Staking materials and properties

Staking Materials and Properties

Heavy-duty industries depend on adhesives in many respects throughout manufacture. Such ruggedized sectors like defense and aerospace require not just high-quality bonds and error-free application, but also materials that can withstand shock and impact. Staking is the process of protecting components by minimizing vibration and reducing pressure on leads using adhesives. The process has many uses and benefits, but the question of what materials to use is always a top consideration.

Material characteristics for plastics staking

Because these adhesives will be counted on to reduce vibration and shock, as well as ensure durable bonds stand up in high-stress environments, manufacturers need to search for materials that meet a few criteria for use in staking. Some physical properties to research include:

  • Viscosity: In some instances, a low-viscosity adhesive is useful if the component is potted and application relies on the glue seeping into hard-to-reach areas. However, staking requires precision placement: leads cannot be buried or extended over by the adhesive, and a higher viscosity material is needed so that formations hold and don't creep.
  • Cure:  Acetoxy silicone cures have wide use, but in staking applications their release of acidic compounds while curing is detrimental to the process and components. Neutral cure silicone adhesives are then needed to ward against corrosion due to the wrong type of cure being used.
  • Outgassing: Another trait related to adhesive emissions to look at is outgassing. Outgassing is the act of cures emitting contaminating or obtrusive products, sometimes volatile, sometimes not, that may interfere with components. Materials applied to parts used in space (satellites or rocket propulsion systems) must not only be able to survive in extreme cold, but also conform to NASA-established outgassing standards. Moisture-cured materials, for instance, may fog up and disrupt optics.
  • Thermoplasticity: Heat staking is a common method for attaching dissimilar substrates or transistors, diodes and circuits to boards (aka PCBs). Users will want to be sure their chosen adhesive's threshold of thermoplastic expansion is aligned to or within the range of tolerable conditions for the materials it's being bonded to. Conversely, ensuring an adhesive will not melt at normal operating temperatures for parts is important as well.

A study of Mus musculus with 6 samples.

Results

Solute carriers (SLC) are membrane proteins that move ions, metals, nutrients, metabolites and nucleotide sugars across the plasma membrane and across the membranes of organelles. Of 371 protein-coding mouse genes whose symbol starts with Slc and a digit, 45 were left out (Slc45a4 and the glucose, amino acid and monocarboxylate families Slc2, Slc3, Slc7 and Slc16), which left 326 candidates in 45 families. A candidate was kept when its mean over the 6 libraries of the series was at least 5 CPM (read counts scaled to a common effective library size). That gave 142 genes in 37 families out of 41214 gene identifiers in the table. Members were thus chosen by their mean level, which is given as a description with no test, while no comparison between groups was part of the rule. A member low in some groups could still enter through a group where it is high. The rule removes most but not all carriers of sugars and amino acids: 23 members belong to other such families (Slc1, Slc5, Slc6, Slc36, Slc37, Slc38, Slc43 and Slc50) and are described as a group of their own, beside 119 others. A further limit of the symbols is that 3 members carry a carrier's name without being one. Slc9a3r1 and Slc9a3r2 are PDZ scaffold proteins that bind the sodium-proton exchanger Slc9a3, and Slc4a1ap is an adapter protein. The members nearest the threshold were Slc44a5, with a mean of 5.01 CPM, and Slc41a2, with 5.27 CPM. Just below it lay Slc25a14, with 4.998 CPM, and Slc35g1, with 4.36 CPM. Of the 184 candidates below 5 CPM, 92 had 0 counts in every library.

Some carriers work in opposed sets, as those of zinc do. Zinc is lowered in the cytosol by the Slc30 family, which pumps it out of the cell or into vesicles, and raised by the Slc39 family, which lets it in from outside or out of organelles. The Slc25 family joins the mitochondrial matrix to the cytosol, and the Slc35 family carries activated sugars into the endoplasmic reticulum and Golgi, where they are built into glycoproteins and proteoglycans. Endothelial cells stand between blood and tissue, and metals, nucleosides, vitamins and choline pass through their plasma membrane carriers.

• Shear strength: High shear strength is a valued property in staking materials. Given all the vibration and impact components and adhesives are subject to in rugged uses, it's critical bonds can hold up against shearing force, or when parallel surfaces move against each other. Glues that can withstand 3,000 to 4,500 psi are considered high shear.
high-shear adhesive feature imageHigh-shear materials are routinely used in staking applications.


Epoxies have seen their use surge in modern times, and both one-part and two-part epoxy systems can be used in staking applications. Epoxies are a particularly popular and dependable choice for use in products sent into space, according to Machine Design. Their versatility, cohesion properties and adaptability through engineering make them good fits, as epoxies passing the NASA ASTM E595, the outgassing standard, can grant cryogenic serviceability, optical clarity, thermal conductivity or insulation and resistance to vibrations, thermal shocks or impacts.

One-part epoxies are cured using heat, creating sufficient bonding; but two-part epoxies are mixed with a resin or other hardening substance that increases the strength of their adhesive qualities, and thus make them even more suitable for use in staking. Two-part epoxy systems like the Henkel Loctite Ablestik 55 are suited to usages in electrical assembly and for purposes like insulation and resistance, key objectives of staking. Mechanical Design added that two-part epoxies can even be treated in a third phase of curing, which can further improve outgassing tendencies.

One thing to watch for in epoxies is durability over time, as some epoxies are prone to overhardening, which can then lead to cracks and splits that expose components.


As previously noted, when considering silicone adhesives in staking, neutral cures are a must. Silicone may be preferred in some applications because of its increased strength and nonflow qualities. Indeed, the Dow Corning 832 Multi-Surface is a nonslumping, noncorrosive, flexible silicone paste used for bonding a variety of dissimilar materials, including as concrete, glass, plastics, metals, and rubber. It is recommended for marine equipment, assembly equipment, roof penetrations, concrete floor seams and windows. Meanwhile, the Dow Corning SE 9168 silicone adhesive is expressly suited for use in vibration dampening and circuit board repairs. Properties like nonflowing, tack free and flame resistant make it a high-quality choice.


Hot-melt adhesives also have use in staking. Often one-part and solvent-free, these glues are viable in staking operations because of their fast cooling properties and range of chemistries. However, there are drawbacks to using hot-melt adhesives, particularly in relation to dispensing. Staking requires precise application, and hot-melt dispensing can be more of a quick-and-dirty method where not enough attention is paid to how carefully the hot-melt is dispensed. There is also the tendency for these adhesives to run (which is a big risk if leads are overrun by the material), and long-term durability is also at question.